For several years now I have been casually considering continuing my education by getting a master's degree. I think a few fears have held me back from really pursuing graduate school. The first big fear is that I am not smart enough, or just wouldn't be able to handle it! The second is financial, I always told myself I would pay off my first degree before starting a second.
I also think when I finally finished my bachelor's degree I just needed a break! I was not a traditional undergrad student wrapping up my education in a neat four years straight out of high school. I had many bumps in the road, including leaving college at one point and thinking I may never finish my education. I did go back in my mid-twenties, after transferring to a new school, and added a sizable commute to my experience (3 hours in the car every day). After all of that I deserved a rest!
Now that I am working in higher education, the thought of a master's degree is ever-present. I google institutions within a drivable distance often and am always seeking out online or distance programs as well.
One of my issues is that my interests are a little scattered. I have looked into a master's in communications, because my bachelor's is in communications. I have also looked at various degrees in writing and editing (I have seen them called several different things) because they are lifelong interests of mine. Along the lines of my love for writing is a MA in English, something I hadn't considered until very recently. MA in English programs seem to vary widely as well. I am not so much interested in literature, as I am in writing in general, learning to edit, and teaching others to write. Public relations, marketing, publishing, professional writing, and corporate communications programs have all sparked my interest to some extent.
Education is also something I consider as a field of study, as well as counseling. Education and counseling are not because I exclusively want to be a teacher or a counselor. I have had a few experiences in my life (including teaching dance for five years) where I have worked with young girls (elementary and middle school ages). Either of those degrees may help me pursue that interest in the future. I also see a degree in counseling come up in job postings quite often.
My undergraduate degree, which I enjoyed thoroughly, was through my university's "visual and communication arts" department. It included study of writing, art, photography, film, graphic design, web design, and visual communication theory. However, I initially began my undergraduate study at a different university as a mass communication major which was more journalism and media focused. I took classes such as media law and ethics, sports writing, and public relations writing, and worked or interned in television, radio and at several newspapers. I enjoyed my time in mass communication, but not as much as the more visual and creative communications program that I graduated from. I know that I need to narrow my focus and really think hard about my future.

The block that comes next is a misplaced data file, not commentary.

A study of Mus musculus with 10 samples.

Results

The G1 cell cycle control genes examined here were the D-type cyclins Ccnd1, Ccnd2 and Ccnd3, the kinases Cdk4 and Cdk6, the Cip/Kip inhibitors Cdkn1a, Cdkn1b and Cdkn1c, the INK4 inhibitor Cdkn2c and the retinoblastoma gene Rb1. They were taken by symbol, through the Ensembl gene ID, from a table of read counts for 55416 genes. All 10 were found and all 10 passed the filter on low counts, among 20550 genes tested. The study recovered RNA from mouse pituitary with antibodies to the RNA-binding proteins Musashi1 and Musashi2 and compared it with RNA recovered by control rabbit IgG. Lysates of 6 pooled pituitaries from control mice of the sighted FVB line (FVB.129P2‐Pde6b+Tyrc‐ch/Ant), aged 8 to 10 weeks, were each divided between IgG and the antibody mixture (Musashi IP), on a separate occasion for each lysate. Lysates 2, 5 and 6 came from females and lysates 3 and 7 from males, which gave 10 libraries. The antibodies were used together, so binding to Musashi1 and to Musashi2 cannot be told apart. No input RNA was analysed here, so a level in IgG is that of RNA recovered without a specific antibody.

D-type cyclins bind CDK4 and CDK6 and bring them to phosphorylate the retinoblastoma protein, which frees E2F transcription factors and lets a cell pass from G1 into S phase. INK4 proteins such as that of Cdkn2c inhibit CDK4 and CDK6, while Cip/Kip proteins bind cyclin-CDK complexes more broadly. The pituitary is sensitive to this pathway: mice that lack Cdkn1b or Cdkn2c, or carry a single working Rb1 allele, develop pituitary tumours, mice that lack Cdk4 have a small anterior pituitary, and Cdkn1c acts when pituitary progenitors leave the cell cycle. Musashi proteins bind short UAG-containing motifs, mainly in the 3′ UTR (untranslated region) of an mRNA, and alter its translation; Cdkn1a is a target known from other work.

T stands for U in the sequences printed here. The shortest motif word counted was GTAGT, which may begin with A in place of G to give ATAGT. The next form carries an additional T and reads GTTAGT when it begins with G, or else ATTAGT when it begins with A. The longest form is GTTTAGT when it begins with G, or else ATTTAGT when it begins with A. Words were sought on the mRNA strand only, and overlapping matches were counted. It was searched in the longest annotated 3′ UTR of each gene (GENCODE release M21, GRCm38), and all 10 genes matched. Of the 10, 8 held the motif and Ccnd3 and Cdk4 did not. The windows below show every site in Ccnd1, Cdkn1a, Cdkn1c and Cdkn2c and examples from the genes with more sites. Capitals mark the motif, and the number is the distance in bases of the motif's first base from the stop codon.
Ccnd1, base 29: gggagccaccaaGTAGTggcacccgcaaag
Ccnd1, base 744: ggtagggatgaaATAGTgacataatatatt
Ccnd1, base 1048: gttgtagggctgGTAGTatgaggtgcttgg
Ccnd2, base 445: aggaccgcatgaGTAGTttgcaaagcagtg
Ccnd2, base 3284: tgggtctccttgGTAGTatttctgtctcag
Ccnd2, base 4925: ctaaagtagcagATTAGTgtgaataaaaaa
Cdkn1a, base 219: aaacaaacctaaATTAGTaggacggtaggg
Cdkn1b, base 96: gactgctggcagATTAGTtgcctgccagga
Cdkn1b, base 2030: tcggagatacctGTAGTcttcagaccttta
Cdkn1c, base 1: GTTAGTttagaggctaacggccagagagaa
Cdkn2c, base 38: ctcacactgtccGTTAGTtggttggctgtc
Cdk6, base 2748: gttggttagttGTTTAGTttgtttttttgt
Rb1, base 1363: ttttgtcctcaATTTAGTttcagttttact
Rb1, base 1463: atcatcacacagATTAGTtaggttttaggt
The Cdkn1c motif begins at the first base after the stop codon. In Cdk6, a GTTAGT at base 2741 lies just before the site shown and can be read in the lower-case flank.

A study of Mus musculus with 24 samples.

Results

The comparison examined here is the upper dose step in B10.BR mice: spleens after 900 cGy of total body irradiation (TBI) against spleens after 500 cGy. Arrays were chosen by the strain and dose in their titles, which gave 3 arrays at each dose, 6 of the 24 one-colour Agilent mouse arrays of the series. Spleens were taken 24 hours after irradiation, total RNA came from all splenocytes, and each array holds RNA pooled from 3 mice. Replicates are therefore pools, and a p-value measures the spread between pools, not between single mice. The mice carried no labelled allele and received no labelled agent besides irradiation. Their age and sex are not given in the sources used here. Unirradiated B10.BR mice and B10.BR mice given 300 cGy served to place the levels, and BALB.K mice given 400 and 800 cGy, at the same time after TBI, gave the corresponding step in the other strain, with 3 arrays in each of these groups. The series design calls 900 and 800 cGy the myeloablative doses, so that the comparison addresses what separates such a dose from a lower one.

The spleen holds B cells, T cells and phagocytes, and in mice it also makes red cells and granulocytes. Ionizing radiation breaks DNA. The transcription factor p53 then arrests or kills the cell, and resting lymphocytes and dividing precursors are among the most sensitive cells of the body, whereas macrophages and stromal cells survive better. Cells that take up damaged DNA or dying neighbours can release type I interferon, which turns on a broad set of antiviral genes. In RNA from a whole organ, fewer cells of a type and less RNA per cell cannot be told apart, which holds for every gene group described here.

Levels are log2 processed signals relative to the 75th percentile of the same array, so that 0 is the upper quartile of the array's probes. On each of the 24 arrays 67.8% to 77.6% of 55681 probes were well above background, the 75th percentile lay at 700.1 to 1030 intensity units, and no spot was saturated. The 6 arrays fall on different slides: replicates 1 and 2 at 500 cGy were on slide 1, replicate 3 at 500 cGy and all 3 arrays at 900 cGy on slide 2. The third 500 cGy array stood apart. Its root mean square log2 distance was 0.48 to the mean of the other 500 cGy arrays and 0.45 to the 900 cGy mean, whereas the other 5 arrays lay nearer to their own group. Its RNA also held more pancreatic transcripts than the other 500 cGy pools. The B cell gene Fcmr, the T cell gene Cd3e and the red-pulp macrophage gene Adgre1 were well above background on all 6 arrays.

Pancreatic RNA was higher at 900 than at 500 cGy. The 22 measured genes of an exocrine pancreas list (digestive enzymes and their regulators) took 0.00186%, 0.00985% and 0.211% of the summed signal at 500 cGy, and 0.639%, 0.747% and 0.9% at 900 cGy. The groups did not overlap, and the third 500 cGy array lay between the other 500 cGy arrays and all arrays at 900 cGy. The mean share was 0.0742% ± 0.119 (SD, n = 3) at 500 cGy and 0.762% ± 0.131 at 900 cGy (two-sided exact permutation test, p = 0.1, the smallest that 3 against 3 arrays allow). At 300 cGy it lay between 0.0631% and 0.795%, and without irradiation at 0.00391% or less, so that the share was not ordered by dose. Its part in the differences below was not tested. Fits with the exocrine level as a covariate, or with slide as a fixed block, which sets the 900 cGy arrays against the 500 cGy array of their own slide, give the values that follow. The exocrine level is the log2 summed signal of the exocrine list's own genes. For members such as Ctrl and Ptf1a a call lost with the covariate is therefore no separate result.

I envy the women I know who finished a master's degree before starting a family, or in some cases before even getting married. I have a husband and two stepchildren to think about, not to mention the fact that we are trying to add to our family. I also have a full-time job, which I need to keep, and I carry the health insurance benefits for my family as well. I don't have the luxury of being able to commit my life 100% to the pursuit of a graduate degree. I know it is possible, and I know people do it all the time, I just need to figure out how to make it work for my own personal situation. I am lucky in that I have a husband who will support me in my pursuits.
I have seen programs that are 100% online, programs that are only on weekends, some that are two days a week. Others are more traditional, a full load of classes, during the day mostly, taken in person on campus. The latter probably won't work for me, unless I found the right degree program and my husband and I moved to live close to the university of choice.
All of the choices are overwhelming, and I haven't even begun to consider how I would fund graduate school. I do think a master's degree could improve my job outlook in the future. And that is what is really important, aside from the fact that I love learning, I want to better myself and ultimately better my family's life.
Who should I talk to to figure this out? Admissions at individual schools can only answer questions about their particular programs, and that's not what I'm looking for at this stage. I need help figuring out the right questions to ask in order to decide if a master's is for me, and if so, which direction I should go in.
Any advice? I'd also love to hear from women who balanced grad school with working full time or moms who started or finished grad school while growing their families.
Extra Credit - If you know of any great programs in my areas of interest in the Virginia, West Virginia, Maryland, or Washington, D.C. area that I should look into, please let me know!